Free Speech For People represented the National Election Defense Coalition (NEDC) in trial court in a lawsuit to uncover communications about election security to and from the National Association of Secretaries of State. The lawsuit under the Indiana Access to Public Records Act charged the Indiana Secretary of State, Connie Lawson, with unlawfully denying access to public records regarding the reliability and security of voting machines. (During the course of the litigation, Secretary Lawson was replaced by a new Secretary, Holli Sullivan.)

The lawsuit filed in state court in Indianapolis charged that Secretary Lawson’s refusal to provide records constitutes an unlawful denial of disclosure and/or interference with the right to inspect and copy public records, and/or an unlawful delay in responding to NEDC’s request.

The trial court found that nearly all of the documents at issue had been improperly withheld, and ordered disclosure. On January 20, 2022, the Indiana Court of Appeals affirmed the judgment, including payment of attorneys’ fees

Key Facts

Caption National Election Defense Coalition v. Lawson
Court Indiana Court of Appeals
Docket No. Marion Cty. Super. Ct.: 49D06-1906-PL-024866
Court of Appeals: 21A-PL-349
Status Judgment for plaintiffs affirmed by Court of Appeals
Plaintiffs National Election Defense Coalition
Defendant Indiana Secretary of State


Secretary Lawson was the 2017-18 President of the National Association of Secretaries of State (NASS), a non-governmental organization. She now serves as its past president and co-chair of the NASS Cybersecurity Committee. As president and past president of NASS, Secretary Lawson has frequently issued statements to the media, public, elected officials and the U.S. Congress about the security and trustworthiness of voting systems in the United States. Some of these statements reflect an inaccurate security profile of our election systems, a critical national security asset and could negatively impact our national response to foreign cyber attacks on our election systems.

In June 2017 testimony to the U.S. Senate Select Committee’s investigation into Russian interference in the 2016 election, Secretary Lawson insisted that it was “very important to underscore that voting machines are not connected to the Internet or networked in any way.” This is not accurate. Many voting machines (certified for use in states such as Florida, Illinois, Michigan and Wisconsin) contain wireless modems which connect to the Internet and expose voting systems to online attacks. In addition, there have been multiple jurisdictions (in states such as Pennsylvania) whose voting systems were found to be configured with remote-access software installed. Remote-access software facilitates remote control of the system over the Internet. In many cases, the vendor sold systems with deliberately installed off-the-shelf “pcAnywhere” remote-access software on voting system devices.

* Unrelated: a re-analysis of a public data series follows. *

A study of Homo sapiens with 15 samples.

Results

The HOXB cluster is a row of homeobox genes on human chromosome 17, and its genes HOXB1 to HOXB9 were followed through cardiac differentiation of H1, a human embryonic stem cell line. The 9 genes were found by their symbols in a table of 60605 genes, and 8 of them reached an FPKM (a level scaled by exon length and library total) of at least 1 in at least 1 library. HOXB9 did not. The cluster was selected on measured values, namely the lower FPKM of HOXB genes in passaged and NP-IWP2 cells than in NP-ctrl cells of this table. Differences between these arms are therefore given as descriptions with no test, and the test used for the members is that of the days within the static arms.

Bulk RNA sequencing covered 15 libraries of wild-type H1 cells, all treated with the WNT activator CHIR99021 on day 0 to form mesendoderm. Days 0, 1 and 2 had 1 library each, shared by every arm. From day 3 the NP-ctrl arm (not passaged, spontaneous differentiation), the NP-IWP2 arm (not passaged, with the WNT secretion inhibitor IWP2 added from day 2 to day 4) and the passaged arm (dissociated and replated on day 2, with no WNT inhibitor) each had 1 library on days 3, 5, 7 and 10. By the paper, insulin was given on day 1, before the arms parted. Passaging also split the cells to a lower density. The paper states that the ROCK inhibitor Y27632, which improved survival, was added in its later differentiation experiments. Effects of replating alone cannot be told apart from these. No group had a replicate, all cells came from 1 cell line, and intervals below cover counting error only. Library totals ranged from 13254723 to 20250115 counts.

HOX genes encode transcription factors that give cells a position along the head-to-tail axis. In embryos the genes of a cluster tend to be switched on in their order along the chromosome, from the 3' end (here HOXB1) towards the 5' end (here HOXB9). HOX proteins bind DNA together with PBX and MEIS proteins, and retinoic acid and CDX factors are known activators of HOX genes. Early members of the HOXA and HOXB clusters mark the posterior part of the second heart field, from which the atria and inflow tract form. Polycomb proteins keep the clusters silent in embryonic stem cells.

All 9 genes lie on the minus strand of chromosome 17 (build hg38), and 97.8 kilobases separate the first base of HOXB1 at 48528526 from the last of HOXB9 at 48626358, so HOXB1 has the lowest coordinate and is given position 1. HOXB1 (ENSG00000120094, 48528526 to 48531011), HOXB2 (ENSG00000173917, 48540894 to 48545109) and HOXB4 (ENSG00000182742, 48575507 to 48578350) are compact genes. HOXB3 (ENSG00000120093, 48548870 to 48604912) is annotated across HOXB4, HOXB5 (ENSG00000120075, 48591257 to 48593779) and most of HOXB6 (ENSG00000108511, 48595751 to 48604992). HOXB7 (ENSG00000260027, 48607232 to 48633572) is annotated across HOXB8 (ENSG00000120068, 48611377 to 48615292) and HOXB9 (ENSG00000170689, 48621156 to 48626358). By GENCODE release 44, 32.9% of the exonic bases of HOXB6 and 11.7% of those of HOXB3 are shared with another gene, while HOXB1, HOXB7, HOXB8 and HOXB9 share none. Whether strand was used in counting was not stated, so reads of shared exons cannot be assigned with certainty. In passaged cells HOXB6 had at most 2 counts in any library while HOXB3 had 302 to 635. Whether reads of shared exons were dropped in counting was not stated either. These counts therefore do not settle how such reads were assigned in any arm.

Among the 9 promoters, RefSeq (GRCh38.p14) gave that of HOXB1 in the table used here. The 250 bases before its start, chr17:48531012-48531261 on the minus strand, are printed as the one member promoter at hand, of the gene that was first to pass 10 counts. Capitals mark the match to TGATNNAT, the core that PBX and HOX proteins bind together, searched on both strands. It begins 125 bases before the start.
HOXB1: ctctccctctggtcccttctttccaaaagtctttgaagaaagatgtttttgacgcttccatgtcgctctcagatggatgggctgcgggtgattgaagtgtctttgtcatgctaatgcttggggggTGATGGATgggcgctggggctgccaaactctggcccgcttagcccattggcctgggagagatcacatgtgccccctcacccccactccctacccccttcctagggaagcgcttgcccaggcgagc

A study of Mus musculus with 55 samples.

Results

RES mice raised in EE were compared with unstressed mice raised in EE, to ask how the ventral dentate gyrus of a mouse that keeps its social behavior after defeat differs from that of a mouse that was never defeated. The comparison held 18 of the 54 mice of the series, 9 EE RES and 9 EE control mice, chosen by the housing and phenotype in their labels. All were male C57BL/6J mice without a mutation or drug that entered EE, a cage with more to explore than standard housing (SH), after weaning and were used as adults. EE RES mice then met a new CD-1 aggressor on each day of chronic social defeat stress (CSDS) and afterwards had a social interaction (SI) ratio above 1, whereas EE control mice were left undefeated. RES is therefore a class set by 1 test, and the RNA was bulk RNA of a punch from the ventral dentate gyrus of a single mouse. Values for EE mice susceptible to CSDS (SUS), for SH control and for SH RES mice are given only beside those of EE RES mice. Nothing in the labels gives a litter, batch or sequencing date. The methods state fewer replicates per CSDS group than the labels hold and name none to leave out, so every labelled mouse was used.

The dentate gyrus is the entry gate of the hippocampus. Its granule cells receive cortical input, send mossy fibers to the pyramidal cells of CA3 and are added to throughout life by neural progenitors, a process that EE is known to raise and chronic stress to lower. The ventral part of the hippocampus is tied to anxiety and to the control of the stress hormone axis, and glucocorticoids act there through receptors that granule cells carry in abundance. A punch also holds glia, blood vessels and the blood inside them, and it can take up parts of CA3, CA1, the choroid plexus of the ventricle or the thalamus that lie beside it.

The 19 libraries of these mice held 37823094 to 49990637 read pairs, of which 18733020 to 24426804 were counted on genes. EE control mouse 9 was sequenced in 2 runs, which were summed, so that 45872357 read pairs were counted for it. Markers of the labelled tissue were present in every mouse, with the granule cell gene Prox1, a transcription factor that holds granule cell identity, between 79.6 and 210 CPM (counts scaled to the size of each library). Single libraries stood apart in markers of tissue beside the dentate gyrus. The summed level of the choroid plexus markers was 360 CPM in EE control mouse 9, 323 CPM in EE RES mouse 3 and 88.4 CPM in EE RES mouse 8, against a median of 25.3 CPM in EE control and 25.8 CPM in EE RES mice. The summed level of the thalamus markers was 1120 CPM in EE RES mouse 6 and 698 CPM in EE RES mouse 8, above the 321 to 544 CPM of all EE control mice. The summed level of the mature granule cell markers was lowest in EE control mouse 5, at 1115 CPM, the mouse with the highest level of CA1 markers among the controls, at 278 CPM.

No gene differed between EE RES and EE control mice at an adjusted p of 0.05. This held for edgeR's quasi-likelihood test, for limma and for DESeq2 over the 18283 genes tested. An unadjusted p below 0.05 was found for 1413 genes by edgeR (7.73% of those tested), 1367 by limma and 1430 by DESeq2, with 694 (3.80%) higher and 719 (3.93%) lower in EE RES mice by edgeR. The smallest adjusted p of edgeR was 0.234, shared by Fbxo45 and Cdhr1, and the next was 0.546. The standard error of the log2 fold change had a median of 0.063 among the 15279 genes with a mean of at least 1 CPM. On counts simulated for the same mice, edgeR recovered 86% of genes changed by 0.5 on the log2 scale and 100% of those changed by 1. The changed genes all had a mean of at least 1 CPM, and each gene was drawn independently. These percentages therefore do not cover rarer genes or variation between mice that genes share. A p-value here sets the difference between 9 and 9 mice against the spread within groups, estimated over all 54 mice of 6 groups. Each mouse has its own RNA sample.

As a leader of NASS, Secretary Lawson’s comments can be especially influential in shaping U.S. policy necessary to secure our election infrastructure. NEDC requested records of correspondence between NASS and the Secretary.

The Lawsuit over Public Records

In September 2018, NEDC submitted a records request under the Indiana Access to Public Records Act seeking copies of communications between NASS and the Secretary of State’s office from May 1, 2017 through the date of the request. Over the course of nine months after NEDC submitted its request, Secretary Lawson’s office provided repeatedly evolving explanations for its denial or delay in providing responsive documents. As just one example, the Secretary’s office claimed that a standard email boilerplate (“The information contained in this communication from the sender is confidential”) in the signature block of every email from NASS staff exempts all of this private organization’s communications to the government from public disclosure. Despite NEDC’s good-faith efforts to clarify and then explicitly narrow its request, and after considerable delay by Secretary Lawson, and after Free Speech For People on behalf of NEDC filed a complaint to the Indiana Public Access Counselor, the Secretary persisted in withholding documents.

Free Speech For People represented NEDC in trial court in a lawsuit challenging the Secretary’s refusal to disclose the documents. In June 2020, the trial court granted our motion for summary judgment in part, rejecting several of the Secretary’s asserted legal bases for withholding records as a matter of law, and ordering the Secretary to provide for in camera (in chambers) examination other documents that, the Secretary asserted, would pose a risk of exposing vulnerabilities to terrorist attack if disclosed. In October 2020, having reviewed those documents in camera, the trial court issued a second opinion determining that the vast majority of the documents withheld on this basis did not satisfy the legal standard for this security-risk exemption, and ordered the Secretary to disclose the documents.

On January 20, 2022, the Indiana Court of Appeals affirmed the judgment and the award of attorneys’ fees.

On January 26, 2022, the contract between Indiana Secretary of State and Microvote General Corp. was received. Click here to read it in our FOIA Reading Room.

Legal Team

Free Speech For People, a national non-profit public interest organization that fights for free and fair elections and holding power accountable, was pleased to represent NEDC pro bono in this matter. We gratefully acknowledge the assistance of William Groth of Fillenwarth Dennerline Groth & Towe LLP.